I lunched with Knopf6 the other day and of course he was delighted to hear that you had offered to review7 the book8. He will arrange it9 for either the Times10 or Canby's11 sheet12,-- poor rags, both, surely, but he says they're the most influential.

And Knopf will be more than glad if he can see you when you come down in June. Of course no race of human beings, except lyric tenors, need "heartening up" and encouragment as publishers do about their own authors! The only way to make them appreciate you is to betray them; Houghton Mifflin13 are quite admiring of me now. Knopf, however, really is a very white man. All the same, I know a talk with you would make him feel more valiant. He's too nice to rub it in, but I know he feels that the War Theme is a terrible handicap to run against. Be sure to let me know the date when you come beforehand, so that I can arrange it.

I'd love to talk to you about being a roughneck in France14--which you never were! You never were a roughneck, Dorothy,--behold us disputing for that honor!-- because you grew up in a college atmosphere, and because your father15 and mother16 were intellectual people. Yes, in a way, it is an old misunderstanding, and surely we're old enough to thrash it out. You never understood why I was always suffering so, but maybe now, with Claude17 as an opening wedge, you can get what was the matter. It's long past, because I'm not so vain any more, but it explains a good deal of my behaviour.

I'll finish the page proofs this week. Really, it's like putting away a dead lad's things. I wish I could have gone on writing him as long as I lived. But he's alive for you, I feel sure, I feel it in those heart-warming letters you've written me. And I did need them, and keep them by me, just as people do when a very dear friend dies. Nothing, nothing that people can ever say about him counts at all, at all, at all, beside the companionship of him, living with him and growing into him day after day. But if he goes on living to you and a few others who saw him and his peers over there, who jealously cared for his honor- - - - Why, there was never anything like him in the world before, not in all the wars of all time, our common soldier! But there; I'm done with that. Will I ever be done with it, I wonder? Can I ever shake it off?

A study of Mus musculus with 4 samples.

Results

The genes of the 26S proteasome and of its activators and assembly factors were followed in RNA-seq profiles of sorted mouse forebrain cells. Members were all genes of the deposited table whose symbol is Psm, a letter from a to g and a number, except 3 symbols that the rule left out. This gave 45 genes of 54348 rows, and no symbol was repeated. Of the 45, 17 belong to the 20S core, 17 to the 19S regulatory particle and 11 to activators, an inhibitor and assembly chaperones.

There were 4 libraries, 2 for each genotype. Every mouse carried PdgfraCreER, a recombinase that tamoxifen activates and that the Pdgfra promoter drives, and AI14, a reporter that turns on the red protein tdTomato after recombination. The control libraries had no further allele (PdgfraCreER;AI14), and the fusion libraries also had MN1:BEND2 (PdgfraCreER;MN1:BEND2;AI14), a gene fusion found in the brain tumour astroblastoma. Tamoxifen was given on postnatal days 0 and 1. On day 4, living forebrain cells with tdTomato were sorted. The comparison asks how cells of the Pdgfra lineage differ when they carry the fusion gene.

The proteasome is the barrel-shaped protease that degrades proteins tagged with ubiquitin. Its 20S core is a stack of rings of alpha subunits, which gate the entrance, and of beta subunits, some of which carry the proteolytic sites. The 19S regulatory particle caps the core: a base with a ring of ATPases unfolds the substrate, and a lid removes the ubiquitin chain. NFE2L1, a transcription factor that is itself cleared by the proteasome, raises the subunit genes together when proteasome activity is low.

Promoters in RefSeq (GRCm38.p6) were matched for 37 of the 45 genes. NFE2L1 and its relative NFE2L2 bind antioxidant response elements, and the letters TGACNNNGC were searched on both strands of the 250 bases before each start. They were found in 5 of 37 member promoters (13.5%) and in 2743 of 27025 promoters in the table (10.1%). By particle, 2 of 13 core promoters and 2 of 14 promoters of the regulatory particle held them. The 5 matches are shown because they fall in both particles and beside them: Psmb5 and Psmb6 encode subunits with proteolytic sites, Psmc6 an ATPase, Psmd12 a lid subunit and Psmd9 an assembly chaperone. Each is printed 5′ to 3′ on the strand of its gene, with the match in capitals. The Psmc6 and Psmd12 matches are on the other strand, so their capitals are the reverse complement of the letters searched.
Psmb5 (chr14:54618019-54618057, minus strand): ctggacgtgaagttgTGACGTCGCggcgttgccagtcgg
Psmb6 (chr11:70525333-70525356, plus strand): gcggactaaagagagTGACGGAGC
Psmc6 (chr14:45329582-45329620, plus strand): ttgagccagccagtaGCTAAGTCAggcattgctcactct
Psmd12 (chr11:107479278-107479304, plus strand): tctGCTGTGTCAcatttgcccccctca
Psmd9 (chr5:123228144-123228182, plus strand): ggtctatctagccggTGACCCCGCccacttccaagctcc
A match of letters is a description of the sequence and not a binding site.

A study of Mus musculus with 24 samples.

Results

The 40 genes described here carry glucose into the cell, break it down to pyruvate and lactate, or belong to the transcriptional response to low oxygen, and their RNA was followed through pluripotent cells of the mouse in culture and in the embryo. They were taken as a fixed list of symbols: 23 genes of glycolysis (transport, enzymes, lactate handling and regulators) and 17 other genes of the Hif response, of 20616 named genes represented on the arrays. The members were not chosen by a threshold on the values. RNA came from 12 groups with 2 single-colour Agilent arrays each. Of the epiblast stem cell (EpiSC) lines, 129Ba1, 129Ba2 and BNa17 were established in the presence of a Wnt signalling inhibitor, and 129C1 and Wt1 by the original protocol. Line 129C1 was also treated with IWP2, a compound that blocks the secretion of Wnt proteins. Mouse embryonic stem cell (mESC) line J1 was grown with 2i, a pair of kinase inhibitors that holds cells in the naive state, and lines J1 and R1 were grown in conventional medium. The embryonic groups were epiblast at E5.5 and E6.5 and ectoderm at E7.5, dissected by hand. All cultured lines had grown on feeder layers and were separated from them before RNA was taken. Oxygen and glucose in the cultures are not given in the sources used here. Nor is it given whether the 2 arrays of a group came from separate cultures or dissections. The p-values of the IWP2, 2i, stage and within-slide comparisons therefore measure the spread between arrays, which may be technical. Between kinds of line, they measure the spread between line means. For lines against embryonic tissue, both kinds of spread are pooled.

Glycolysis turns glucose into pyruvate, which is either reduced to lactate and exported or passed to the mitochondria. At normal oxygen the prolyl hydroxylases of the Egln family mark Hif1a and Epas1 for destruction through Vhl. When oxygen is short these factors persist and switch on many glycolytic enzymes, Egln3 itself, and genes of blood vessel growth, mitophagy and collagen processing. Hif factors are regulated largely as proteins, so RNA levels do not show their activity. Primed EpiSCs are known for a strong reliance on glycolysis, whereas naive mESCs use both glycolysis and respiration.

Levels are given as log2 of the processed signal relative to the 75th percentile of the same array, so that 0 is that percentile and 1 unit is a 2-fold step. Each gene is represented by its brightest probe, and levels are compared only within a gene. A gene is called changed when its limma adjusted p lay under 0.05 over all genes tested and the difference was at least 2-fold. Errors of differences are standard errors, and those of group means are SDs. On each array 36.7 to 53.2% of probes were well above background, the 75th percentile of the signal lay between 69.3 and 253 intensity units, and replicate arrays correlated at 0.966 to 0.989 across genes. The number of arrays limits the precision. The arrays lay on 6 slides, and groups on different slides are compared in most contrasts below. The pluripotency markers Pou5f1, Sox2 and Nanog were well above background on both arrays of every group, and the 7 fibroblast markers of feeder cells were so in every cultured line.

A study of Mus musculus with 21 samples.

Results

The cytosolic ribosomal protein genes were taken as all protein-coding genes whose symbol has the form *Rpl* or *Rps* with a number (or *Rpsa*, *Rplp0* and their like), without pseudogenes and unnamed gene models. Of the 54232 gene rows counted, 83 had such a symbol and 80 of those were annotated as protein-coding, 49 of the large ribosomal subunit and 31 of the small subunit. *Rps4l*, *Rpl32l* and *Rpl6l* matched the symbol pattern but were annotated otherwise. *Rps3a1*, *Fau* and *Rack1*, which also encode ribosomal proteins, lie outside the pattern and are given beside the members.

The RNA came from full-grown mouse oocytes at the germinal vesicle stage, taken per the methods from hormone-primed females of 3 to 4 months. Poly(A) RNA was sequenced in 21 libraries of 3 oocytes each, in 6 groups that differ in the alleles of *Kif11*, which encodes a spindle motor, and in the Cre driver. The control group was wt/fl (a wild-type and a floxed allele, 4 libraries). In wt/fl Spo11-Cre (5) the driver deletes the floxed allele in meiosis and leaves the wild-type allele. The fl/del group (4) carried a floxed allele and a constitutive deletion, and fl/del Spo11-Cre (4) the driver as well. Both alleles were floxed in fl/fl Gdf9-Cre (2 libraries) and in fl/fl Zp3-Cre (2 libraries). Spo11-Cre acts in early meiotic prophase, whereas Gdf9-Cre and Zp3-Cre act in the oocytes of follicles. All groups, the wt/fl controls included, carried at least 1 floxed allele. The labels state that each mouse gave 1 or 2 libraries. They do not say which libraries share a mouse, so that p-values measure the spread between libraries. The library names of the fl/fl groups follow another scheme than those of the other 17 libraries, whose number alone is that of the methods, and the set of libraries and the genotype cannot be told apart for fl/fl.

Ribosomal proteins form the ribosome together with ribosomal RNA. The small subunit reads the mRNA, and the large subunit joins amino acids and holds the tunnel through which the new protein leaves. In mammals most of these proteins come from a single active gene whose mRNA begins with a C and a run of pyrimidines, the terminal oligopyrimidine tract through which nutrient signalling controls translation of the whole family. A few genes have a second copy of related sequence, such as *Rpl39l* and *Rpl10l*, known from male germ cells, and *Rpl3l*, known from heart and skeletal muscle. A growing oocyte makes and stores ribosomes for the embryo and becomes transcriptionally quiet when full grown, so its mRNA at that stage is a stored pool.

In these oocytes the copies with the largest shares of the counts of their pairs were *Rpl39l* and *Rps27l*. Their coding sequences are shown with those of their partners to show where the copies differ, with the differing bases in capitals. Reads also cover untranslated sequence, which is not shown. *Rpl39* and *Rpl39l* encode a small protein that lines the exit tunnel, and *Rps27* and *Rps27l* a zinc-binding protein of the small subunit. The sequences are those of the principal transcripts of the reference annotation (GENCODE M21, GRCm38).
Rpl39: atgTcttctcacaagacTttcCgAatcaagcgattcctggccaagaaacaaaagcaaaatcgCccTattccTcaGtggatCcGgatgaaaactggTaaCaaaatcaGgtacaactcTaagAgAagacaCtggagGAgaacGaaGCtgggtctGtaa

Goodbye, and God bless you for being kind to him. You've been as nice to him as the French lady on the hilltop18. (She was really like that. She helped me19 to find my cousin's grave20. She was wonderful.) You are the first person who has seen him except the poor three, Edith21 and Isabelle22 and Jan Hambourg23, who saw him in the making and are worn out with always adjusting life to his needs. I felt that you would put any soldier before any book And so do I, and so do I! That's why I wanted hims to come up against you first. I knew if you thought I'd done a Soldier in, you'd tell me—with a curse, I hope!, and the Lord knows I would never have had the presumption to touch him at all if it hadn't been for Grosvenor24.